Floating fire ants build rafts in tropical storm Cindy's aftermath

Deadly fire ants threat in floodwaters

A swarm of fire ants clings to a chain-link fence and floating debris in 2004 in Lithia, Fla, AP photo

What appears like bits of brown debris or mulch floating in flooded waters are actually floating masses of deadly fire ants.

Fire ants remarkable survival techniques have been documented before in Hurricane Frances and now the Alabama extension office warns red imported fire ants will look for dry ground and humans could suffer a serious medical threat in the wake of tropical Storm Cindy.

The ants can survive a flood when the entire colony orchestrates a group survival effort during and after a flood. The influx of water will take the fire ant colonies for a ride and angry balls of fire ants float until something dry comes in contact. If that is your leg, arm or paddle, watch out!

This hidden danger can threaten animals and people since water doesn't kill the ants.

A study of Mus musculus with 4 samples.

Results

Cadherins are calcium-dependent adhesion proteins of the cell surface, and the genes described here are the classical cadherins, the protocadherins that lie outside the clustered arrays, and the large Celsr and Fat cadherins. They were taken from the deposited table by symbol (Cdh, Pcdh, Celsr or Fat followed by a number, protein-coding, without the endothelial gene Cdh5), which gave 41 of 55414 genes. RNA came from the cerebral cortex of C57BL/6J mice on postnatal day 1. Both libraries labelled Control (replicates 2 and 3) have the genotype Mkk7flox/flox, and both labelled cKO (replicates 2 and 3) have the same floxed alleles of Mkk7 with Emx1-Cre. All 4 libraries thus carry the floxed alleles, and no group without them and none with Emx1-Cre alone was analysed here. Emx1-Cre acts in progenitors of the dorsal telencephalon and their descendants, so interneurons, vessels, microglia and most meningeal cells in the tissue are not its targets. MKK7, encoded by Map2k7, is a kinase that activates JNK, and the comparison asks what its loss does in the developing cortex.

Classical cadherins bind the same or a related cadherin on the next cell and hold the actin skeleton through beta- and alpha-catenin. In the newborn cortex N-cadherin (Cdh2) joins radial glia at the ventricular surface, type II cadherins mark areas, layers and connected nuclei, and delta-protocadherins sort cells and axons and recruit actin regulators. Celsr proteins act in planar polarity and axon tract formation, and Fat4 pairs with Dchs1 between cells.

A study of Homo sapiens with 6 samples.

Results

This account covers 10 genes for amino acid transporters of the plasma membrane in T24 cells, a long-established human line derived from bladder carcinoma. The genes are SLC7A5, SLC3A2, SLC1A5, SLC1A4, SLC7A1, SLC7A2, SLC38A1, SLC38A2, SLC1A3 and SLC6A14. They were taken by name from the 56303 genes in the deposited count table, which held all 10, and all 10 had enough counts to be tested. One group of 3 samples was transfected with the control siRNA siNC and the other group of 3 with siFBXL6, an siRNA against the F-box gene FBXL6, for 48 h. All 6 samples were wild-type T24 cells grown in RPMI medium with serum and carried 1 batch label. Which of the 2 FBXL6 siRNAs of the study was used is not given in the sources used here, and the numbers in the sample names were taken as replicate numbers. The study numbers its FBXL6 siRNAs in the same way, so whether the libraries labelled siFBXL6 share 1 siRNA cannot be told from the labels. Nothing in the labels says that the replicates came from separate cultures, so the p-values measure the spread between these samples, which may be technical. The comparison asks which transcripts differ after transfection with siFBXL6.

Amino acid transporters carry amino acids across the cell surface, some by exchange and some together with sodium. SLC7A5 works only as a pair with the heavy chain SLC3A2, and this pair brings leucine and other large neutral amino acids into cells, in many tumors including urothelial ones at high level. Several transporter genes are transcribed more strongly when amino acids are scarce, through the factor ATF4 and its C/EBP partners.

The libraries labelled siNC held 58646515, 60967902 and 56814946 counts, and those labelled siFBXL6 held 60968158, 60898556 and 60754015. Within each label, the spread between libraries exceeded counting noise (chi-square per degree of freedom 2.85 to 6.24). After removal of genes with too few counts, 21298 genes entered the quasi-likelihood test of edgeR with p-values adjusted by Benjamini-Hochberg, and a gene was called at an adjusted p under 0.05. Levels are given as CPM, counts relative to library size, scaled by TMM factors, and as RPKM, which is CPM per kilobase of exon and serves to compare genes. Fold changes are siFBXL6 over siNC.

• Avoid contact with floating masses of fire ants.
  • If you are in a rowboat, do not touch the ants with oars.
  • When working in floodwaters, dress appropriately if possible. Rubber boots, rain gear and cuffed gloves can help prevent ants from reaching the skin.
  • If ants contact the skin, they will sting. Remove ants immediately by rubbing them off. Ants will only cling to the skin if submerged. Even a high-pressure water spray may not dislodge them. However, a spray of diluted, biodegradable dishwashing liquid may help immobilize and drown them.
  • When returning to flooded structures, floating ant masses are occasionally encountered—even indoors.

Fire ants can be found all through all the First Coast.

If you come in contact with the ants after a heavy downpour consider a fast-acting insecticide aerosol spray containing pyrethrins or pyrethrun with a quick knockdown.  Spray surfaces and cracks of infested objects and debris. Then come back after the product has had time to act. Avoid slow acting bait products.